Did you know that a single cork stopper can capture up to 392g of CO2?

And that cork was used in Ancient Egypt and can be used to produce energy? Did you know that scientific research consistently proves that consumers associate cork with high-quality wines?

Find out everything you’ve always wanted to know about cork.

Stripping is the ancient process of extracting the bark of the cork oak - the cork. This work is done by specialised professionals, with absolute precision, who use just a single tool: the axe.

This delicate operation takes place between May and August, when the tree is at its most active time of growth and it is easier to remove the bark from the trunk. Harvesting cork is the world’s best paid seasonal agricultural job.

Over the course of its lifetime, a cork oak may be stripped around 17 times, at intervals of at least nine years, which means that the harvesting of the cork will last 150 years, on average.

The first stripping is called "desbóia" from which the virgin cork is obtained, which has a highly irregular structure and hardness that make it difficult to process.

Nine years later, when the second stripping takes place, the cork, known as "secundeira", has a regular structure which is not as hard.

The cork from these first two harvests is not fit for the manufacture of stoppers and thus used in other applications for insulation, flooring, decorative items, among others.

From the third and following strippings the "amadia" or reproduction cork is obtained. This cork has a regular structure, with a flat front and back and the ideal characteristics for the production of natural, quality cork stoppers.

The first stripping takes place when the cork oak is 25 years old and the trunk has reached a perimeter of 70 centimetres, measured 1.5 metres from the ground. Subsequent strippings take place at intervals of at least nine years.

No. Stripping is carried out manually and the trees do not have to be cut down. In fact, the cork oak undergoes a self-regeneration process of the bark, which gives the activity of cork harvesting a uniquely sustainable nature.

No. After stripping, the planks are stacked into piles in structures and shall remain outdoors for at least six months for the cork to stabilise. This process is governed by the strict compliance of the Code of Cork Stopper Manufacturing Practices.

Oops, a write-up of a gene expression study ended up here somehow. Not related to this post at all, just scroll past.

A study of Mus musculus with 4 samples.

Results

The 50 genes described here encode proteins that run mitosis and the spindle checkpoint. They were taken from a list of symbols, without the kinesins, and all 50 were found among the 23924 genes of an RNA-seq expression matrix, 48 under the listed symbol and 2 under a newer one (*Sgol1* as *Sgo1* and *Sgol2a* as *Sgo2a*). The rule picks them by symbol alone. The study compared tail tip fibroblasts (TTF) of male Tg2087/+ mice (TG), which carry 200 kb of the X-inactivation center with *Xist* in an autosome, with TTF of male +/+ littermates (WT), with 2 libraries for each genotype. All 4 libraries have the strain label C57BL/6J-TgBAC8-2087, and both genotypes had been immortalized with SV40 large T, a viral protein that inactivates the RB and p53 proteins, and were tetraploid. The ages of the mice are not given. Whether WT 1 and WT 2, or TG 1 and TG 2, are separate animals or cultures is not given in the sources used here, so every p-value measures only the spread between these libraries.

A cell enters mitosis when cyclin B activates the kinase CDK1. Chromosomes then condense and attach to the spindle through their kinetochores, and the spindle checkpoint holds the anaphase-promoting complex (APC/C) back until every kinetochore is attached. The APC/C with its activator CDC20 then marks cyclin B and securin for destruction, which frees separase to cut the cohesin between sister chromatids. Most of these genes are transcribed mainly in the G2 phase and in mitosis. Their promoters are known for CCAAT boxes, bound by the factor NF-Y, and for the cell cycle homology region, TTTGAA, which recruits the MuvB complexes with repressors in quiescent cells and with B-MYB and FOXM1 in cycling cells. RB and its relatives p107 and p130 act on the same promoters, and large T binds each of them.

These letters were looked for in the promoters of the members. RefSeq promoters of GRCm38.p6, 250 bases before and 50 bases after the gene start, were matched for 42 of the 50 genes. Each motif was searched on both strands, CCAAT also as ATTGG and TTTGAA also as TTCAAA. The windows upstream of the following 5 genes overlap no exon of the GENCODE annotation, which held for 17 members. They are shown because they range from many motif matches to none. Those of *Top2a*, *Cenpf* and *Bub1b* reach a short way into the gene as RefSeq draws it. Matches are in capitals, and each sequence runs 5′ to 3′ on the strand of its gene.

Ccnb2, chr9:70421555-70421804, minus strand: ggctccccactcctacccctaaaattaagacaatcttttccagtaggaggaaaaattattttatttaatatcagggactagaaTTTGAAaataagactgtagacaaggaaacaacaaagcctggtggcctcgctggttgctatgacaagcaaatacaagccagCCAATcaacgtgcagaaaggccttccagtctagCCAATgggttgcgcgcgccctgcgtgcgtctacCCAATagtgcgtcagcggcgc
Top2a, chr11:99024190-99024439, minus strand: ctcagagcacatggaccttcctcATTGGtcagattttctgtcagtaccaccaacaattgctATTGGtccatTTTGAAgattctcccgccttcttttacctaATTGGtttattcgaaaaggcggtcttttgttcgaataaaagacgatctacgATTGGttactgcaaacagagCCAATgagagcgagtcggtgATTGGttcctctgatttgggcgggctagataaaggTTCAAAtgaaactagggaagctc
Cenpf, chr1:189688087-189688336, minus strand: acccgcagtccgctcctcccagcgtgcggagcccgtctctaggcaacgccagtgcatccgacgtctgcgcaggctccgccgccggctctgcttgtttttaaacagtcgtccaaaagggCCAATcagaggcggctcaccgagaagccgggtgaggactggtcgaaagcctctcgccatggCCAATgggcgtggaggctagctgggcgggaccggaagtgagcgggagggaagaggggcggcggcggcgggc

A cork oak has an average lifespan of between 170 and 200 years.

Nothing is wasted from the cork oak, all its components have a useful ecological or economic purpose:

  • The acorn, which is the fruit of the cork oak, is used to propagate the species, as animal fodder and in the manufacture of cooking oils;
  • The leaves are used as fodder and a natural fertiliser;
  • The material from tree pruning and decrepit trees provides firewood and charcoal;
  • The tannins and natural acids contained within the wood from the tree are used in chemical and beauty products.

The oldest and most productive cork oak in the world is the Whistler Tree, in Águas de Moura, in the Alentejo. The cork oak was planted in 1783, stands over 14 metres tall and the perimeter of its trunk is 4.15 metres. Its name comes from the noise made by the numerous songbirds that shelter among its branches. Since 1820, it has been harvested over twenty times. Its 1991 harvest produced 1,200 kg of cork, more than most cork oaks yield in a lifetime. This single harvest produced over one hundred thousand cork stoppers.

The cork oak is an evergreen tree, of the Fagaceae family (Quercus suber), to which the chestnut and oak tree also belong. There are 465 species of Quercus, mainly found in temperate and subtropical regions of the Northern Hemisphere. Cork is harvested from the Quercus suber L species.

The cork oak may be sown, planted or propagate spontaneously, which is often the case in cork oak forests, thanks to the acorns that fall on the ground.

The cork oak is native to the Western Mediterranean Basin, where there are ideal growing conditions:

  • Sandy, chalk-free soils with low nitrogen and phosphorus, high potassium and a pH from 4.8 to 7.0;
  • Rainfall from 400-800 mm per year;
  • Temperature from -5º C to 40º C;
  • Altitude from 100-300 m.

In Ancient Greece, cork oaks were revered as the symbol of Freedom and Honour. Thus, only priests had permission to cut them down.

This is due to the high level of expertise necessary to harvest the cork without damaging this precious resource.

No. The Quercus suber L genome is the same, therefore there are no significant differences according to origin. There are, however, individual differences from tree to tree.